William Pfaff

The Enron verdicts are one more blow to a new American model of capitalism already heavily criticized for its gross abuse of common-sense moral values.

The American economist Robert Lekachman has written (in the admirable "Harper Dictionary of Modern Thought") that "the ideology of capitalism makes an implicit assertion that inequalities of income and wealth measure, however roughly, the economic contributions of the men and women who embark their energies and resources in the productive process."

The new American economic and corporate model grotesquely departs from such a moral foundation, doing so in a way that suggests damaging ultimate consequences for society.

The usual defense of billion-dollar rewards for executives, for example, is the nihilistic one that the market settles business morality. That is, you get away with what you can.

The theoretical argument is that such rewards for managers are a necessary element in a modern system where creating value for investors generates prosperity for everyone. Wealth "trickles down." The rising tide lifts everyone.

This today is untrue. The globalized corporation identifies labor as usually its largest production cost, and its easiest cost to cut. This means that management regards itself as obliged to restrict to the maximum the "trickling down" of value to workers.

The system of values now governing the American corporation rejects the principle, honored in postwar America and Europe, that business should serve the interests of workers and community (by paying taxes) as well as those of investors and managers.

This new value system is enforced by investor groups and endorsed by business schools, government and most of the economic community, although the idea that companies "are mere collections of assets to be handled with the purpose of maximizing shareholders returns" it criticized by some (in this case, the investor Warren Buffet).

Raw-material and energy costs are hard for corporations to cut. The cost that is vulnerable is the cost of labor. Real wages and benefits can be reduced, and if necessary, the existing labor force replaced.

In the past, this was difficult or impossible because labor was immobile, often in limited supply, and sometimes organized and politically powerful.

For the globalized corporation, the problem of labor costs is simplicity itself. You delocalize, outsource or transfer production offshore to the cheapest labor force available.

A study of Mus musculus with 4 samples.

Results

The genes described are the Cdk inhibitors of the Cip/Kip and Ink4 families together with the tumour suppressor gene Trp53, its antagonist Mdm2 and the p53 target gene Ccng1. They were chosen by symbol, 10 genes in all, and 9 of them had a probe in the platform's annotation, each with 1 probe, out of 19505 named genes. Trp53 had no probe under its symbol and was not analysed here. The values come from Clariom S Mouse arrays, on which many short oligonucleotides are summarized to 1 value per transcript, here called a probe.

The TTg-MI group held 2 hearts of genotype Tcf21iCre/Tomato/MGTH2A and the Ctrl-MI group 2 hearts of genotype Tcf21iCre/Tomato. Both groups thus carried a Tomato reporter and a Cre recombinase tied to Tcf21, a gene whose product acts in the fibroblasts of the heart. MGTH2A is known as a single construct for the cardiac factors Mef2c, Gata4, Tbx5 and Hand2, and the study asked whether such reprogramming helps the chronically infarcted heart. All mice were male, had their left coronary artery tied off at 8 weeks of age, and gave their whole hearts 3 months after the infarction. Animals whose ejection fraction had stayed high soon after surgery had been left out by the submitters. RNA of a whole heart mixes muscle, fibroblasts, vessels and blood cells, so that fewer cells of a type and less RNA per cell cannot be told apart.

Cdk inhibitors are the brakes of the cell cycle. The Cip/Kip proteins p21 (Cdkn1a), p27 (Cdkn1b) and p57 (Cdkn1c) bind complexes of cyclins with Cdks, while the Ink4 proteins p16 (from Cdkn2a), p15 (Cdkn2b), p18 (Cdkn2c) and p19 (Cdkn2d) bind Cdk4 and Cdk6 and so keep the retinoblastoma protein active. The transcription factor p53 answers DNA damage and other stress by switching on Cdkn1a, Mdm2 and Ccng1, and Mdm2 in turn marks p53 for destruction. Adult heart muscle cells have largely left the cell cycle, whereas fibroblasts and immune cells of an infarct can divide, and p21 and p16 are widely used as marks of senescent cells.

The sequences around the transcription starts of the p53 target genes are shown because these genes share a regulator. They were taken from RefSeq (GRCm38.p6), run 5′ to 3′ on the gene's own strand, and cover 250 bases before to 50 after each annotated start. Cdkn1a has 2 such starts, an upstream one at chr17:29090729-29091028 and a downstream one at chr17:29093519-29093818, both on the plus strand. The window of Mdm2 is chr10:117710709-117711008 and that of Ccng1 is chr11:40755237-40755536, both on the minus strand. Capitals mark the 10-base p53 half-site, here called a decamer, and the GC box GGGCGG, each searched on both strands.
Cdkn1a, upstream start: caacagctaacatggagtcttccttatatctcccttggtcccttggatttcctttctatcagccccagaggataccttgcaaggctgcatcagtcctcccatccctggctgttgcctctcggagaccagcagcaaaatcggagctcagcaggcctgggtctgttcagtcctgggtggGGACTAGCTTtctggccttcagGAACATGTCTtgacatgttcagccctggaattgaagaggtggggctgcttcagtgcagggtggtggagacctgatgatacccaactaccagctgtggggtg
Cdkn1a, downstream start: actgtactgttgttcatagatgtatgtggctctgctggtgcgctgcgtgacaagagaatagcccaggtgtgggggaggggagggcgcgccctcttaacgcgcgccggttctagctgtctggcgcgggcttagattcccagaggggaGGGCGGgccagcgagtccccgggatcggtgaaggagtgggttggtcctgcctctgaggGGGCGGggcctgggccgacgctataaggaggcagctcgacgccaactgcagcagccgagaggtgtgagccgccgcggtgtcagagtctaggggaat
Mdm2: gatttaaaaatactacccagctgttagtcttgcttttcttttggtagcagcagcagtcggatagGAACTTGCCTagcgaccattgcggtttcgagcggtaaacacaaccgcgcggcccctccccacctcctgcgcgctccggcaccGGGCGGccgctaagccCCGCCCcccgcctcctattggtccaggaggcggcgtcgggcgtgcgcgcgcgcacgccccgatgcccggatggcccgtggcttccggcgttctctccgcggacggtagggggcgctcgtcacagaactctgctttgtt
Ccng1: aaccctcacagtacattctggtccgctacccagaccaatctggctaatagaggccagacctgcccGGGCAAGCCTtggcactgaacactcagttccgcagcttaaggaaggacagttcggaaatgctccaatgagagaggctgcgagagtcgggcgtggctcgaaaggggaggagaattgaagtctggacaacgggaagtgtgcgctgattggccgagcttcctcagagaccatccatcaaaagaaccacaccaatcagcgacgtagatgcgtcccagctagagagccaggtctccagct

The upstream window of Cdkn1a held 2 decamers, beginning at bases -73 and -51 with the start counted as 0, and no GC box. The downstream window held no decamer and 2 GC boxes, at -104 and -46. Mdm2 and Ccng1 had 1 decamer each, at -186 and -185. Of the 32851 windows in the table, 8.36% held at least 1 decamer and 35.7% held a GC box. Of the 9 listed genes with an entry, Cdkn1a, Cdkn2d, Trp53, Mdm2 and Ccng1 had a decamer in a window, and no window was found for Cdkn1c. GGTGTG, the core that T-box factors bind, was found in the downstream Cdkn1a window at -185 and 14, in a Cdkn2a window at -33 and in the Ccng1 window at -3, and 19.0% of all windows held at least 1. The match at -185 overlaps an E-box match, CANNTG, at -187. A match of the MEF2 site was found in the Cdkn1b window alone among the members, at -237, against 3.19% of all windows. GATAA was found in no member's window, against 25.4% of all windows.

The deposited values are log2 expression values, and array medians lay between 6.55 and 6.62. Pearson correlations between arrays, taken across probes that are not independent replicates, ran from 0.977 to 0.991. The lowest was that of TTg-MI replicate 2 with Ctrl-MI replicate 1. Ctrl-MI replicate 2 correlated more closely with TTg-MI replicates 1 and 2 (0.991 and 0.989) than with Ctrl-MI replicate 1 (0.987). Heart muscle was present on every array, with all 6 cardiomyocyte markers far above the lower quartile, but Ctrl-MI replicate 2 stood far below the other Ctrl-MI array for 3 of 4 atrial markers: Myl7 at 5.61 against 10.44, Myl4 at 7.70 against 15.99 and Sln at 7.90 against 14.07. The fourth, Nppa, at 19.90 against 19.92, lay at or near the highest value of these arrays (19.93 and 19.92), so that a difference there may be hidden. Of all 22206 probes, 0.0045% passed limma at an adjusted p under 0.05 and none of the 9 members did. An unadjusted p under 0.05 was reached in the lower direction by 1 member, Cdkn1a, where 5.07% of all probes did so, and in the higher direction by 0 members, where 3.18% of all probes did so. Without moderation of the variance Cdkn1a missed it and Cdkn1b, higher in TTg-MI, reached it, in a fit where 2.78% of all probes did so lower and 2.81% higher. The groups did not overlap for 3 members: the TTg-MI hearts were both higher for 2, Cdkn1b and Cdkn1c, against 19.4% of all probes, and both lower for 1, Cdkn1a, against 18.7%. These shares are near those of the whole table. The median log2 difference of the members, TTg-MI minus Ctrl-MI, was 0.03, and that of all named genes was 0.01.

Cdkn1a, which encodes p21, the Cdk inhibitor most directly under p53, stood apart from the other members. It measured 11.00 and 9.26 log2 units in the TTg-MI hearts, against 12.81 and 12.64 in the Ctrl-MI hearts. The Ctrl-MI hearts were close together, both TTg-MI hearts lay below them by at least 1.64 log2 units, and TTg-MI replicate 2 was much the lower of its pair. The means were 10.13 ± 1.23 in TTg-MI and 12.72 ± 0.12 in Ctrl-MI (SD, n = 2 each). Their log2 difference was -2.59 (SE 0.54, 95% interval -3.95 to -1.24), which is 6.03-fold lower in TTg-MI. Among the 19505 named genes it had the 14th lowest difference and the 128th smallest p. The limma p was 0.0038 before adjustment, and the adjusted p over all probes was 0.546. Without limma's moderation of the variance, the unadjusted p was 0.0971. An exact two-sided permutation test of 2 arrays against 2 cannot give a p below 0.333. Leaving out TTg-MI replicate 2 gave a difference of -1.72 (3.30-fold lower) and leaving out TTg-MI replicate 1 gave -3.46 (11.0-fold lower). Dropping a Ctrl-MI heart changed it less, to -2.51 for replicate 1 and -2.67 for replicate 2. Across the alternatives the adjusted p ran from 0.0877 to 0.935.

In this way, the greatest part of the value created in the corporation is taken away from the domestic labor force and awarded to stockholders and managers.

The overseas worker benefits, up to a point, and only so long as the outsourcing corporation does not relocate to another, cheaper source of labor.

The rest of the gained value trickles (or surges) upward to stockholders and managers. The one thing value no longer does is trickle down to domestic labor.

This nonetheless is celebrated as a progressive step, since the poor country supplying the new labor benefits; the American (or other) consumer benefits because the price of the product falls; and the original labor force is advised to retrain itself so as to obtain new and more sophisticated, high-value jobs in technologically innovative startup industries.

I will not bother to write about how simplistic this argument is. I want to make a point about the structural consequences of the new corporate model's exclusion of labor from receiving its fair share of the corporate value-creation to which it contributes.

The first is that this undermines the domestic market and economy. Henry Ford, after inventing modern industry with the assembly line, invented modern capitalist society by raising his workers' wages in 1914 to an unprecedented $5 a day.

He said that his business depended on his workers being able to buy the cars they were manufacturing. The modern industrial economy has rested on that principle - until now.

The domestic workers whose jobs are exported under the new corporate model cease to be consumers. The new U.S. federal reserve chairman, Ben Bernanke, concedes that "a growing portion of the population feels they are not sharing in the benefits" that American industry and trade produce.

The relative decline in the family income of workers during the years of deregulation and globalization has become notorious, to the point that workers in such champions of the new economy as Wal-Mart often depend on federal food stamps to live, and use hospital emergency rooms for basic medical care. No trickle-down there.

A corporate model that deliberately renounces responsibility for the well-being of its workforce hollows out the domestic consumer market and exports value by subsidizing what eventually will become its own competition.

China (and its counterparts) will not indefinitely allow transfer of most of the profits of its manufacturing industry to America. It is demanding much wider technology transfer.

The American economy cannot expect to prosper indefinitely without actually manufacturing or creating anything itself, other than investment value. The obvious eventual result of outsourcing production is the export of America's industry.